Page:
Research shows young gay men 15 times more likely to suffer some types of cancer

Vaccine should be given to all

The vaccine to cut human papillomavirus infection (HPV) should be offered to young gay men, according to researchers.  Photograph: Owen Humphreys/PA Wire

The vaccine to cut human papillomavirus infection (HPV) should be offered to young gay men, according to researchers. Photograph: Owen Humphreys/PA Wire

Tue, Jul 16, 2013, 01:00


Young gay men should be given a vaccine only used to cut cervical cancer among women because they are 15 times more likely than heterosexual men to suffer from genital cancers, British medical researchers have said.

The use of the vaccine to cut human papillomavirus infection (HPV) numbers among 16- to 26-year-old males would be “cost effective”, researchers from the Royal Liverpool University Hospital, Homerton University Hospital, and Chelsea and Westminster Hospital say.

“Men who have sex with men are disproportionately affected by HPV-related cancer, particularly anal cancer, where rates are over 15 times higher than in heterosexual men,” say the authors, who are published by Sexually Transmitted Infections, an official journal of the British Association of Sexual Health and HIV.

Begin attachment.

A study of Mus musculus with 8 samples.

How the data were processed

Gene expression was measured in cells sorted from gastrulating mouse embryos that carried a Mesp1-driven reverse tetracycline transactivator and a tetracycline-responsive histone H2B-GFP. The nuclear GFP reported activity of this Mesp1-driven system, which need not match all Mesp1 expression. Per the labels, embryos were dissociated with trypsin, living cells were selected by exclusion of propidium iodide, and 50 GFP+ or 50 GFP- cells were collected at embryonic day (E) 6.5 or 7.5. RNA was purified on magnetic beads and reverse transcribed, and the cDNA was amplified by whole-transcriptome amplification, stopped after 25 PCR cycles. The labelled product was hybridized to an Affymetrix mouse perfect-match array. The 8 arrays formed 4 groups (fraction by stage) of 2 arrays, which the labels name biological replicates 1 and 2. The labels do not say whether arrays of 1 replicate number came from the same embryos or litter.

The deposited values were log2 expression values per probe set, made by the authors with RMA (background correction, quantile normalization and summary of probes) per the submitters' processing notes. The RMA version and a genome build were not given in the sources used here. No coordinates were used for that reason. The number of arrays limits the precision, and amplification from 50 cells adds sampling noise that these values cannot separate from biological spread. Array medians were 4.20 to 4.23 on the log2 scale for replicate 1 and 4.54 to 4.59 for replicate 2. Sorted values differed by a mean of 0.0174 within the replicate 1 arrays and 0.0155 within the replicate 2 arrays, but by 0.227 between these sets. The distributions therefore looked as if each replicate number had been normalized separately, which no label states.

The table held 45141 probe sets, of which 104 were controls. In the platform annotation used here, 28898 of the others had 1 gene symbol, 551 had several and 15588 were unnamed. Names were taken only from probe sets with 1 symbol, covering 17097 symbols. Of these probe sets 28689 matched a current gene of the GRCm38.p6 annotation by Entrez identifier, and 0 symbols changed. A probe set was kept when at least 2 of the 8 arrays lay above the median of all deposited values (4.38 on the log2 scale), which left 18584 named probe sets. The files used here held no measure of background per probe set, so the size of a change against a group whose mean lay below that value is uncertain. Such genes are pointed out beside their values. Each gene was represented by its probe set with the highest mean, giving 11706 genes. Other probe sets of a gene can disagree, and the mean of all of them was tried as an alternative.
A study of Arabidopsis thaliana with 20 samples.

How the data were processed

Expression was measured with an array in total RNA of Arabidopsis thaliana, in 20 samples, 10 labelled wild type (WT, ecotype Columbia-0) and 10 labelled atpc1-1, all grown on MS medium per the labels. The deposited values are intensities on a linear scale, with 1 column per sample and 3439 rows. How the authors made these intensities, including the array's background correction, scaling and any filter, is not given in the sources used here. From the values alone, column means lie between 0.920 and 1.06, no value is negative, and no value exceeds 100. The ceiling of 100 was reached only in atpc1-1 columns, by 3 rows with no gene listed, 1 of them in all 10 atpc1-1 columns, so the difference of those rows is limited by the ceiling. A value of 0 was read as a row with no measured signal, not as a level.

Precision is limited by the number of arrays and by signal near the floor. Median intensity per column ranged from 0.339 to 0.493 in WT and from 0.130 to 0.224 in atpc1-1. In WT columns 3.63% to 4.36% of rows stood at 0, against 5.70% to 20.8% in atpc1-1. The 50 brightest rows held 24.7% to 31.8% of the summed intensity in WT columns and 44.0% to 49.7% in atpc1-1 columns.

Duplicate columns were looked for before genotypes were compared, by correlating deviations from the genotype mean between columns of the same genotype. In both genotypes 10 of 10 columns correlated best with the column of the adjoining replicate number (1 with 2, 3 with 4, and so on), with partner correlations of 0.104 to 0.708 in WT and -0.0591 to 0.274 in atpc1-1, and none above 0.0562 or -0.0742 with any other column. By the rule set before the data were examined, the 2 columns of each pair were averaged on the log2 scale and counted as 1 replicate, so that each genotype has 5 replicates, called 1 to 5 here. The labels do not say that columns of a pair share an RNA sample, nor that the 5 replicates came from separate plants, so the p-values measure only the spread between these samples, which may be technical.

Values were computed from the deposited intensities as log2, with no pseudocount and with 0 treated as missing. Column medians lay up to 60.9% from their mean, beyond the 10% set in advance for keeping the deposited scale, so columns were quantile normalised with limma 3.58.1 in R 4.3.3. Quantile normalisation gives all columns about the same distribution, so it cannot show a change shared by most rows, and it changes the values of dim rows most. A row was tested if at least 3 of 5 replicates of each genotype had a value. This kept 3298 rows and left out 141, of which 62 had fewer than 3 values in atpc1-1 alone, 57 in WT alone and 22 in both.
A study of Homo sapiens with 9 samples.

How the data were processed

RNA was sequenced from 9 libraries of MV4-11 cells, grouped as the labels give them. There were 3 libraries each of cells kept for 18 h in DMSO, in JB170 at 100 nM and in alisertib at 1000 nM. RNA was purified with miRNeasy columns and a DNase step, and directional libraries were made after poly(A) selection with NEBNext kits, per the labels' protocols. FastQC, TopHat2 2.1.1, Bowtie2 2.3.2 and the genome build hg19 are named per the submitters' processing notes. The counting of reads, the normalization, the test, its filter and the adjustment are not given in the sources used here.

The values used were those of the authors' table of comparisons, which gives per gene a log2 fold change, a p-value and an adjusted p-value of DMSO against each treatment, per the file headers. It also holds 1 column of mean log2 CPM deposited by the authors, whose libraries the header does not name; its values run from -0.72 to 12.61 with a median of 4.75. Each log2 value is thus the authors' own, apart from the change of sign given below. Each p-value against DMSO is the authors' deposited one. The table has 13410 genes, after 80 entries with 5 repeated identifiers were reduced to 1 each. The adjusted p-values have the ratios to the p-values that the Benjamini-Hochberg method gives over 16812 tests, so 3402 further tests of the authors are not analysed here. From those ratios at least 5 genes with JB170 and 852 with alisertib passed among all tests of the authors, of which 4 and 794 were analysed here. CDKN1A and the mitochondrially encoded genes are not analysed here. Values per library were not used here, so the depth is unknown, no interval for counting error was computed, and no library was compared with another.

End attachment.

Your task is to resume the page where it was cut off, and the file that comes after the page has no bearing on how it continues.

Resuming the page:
“The offer of HPV vaccination would give focus to initiatives to improve access for young gay men who remain at the greatest risk of acquiring HIV, and may increase willingness to attend a sexually transmitted infection service, and to disclose sexual orientation.

“There is now ample data testifying the increased burden of HPV-related conditions and cancer in MSM [men who have sex with men]. The introduction of national cervical cancer screening programmes have contributed to significant falls in cervical cancer rates and associated mortality,” they say.

Vaccination programme
The National Health Service in the UK began a vaccination programme against HPV infection in 2008, but only among girls – on the grounds that this would curb the spread of the infection to boys as well. The evidence from Australia shows that a similar vaccination effort there has led to “a dramatic decline” within just a year in the incidence of genital warts among straight men, but there has been no similar fall in numbers among gay men, the authors say.

Last February, the Australian medical authorities began to extend its HPV vaccination programme to 12- to 13-year-old boys, along with starting a catch-up programme for those two and three years older.

Recent research has shown that the HPV jab is effective in men, including gay men. The vaccine covers HPV 16 and 18, the two strains of the virus which account for most of the cancers associated with the infection,” it says.

The vaccine is most effective for those not already infected with these strains of HPV – though the evidence to date shows that only a minority of young gay men are so infected.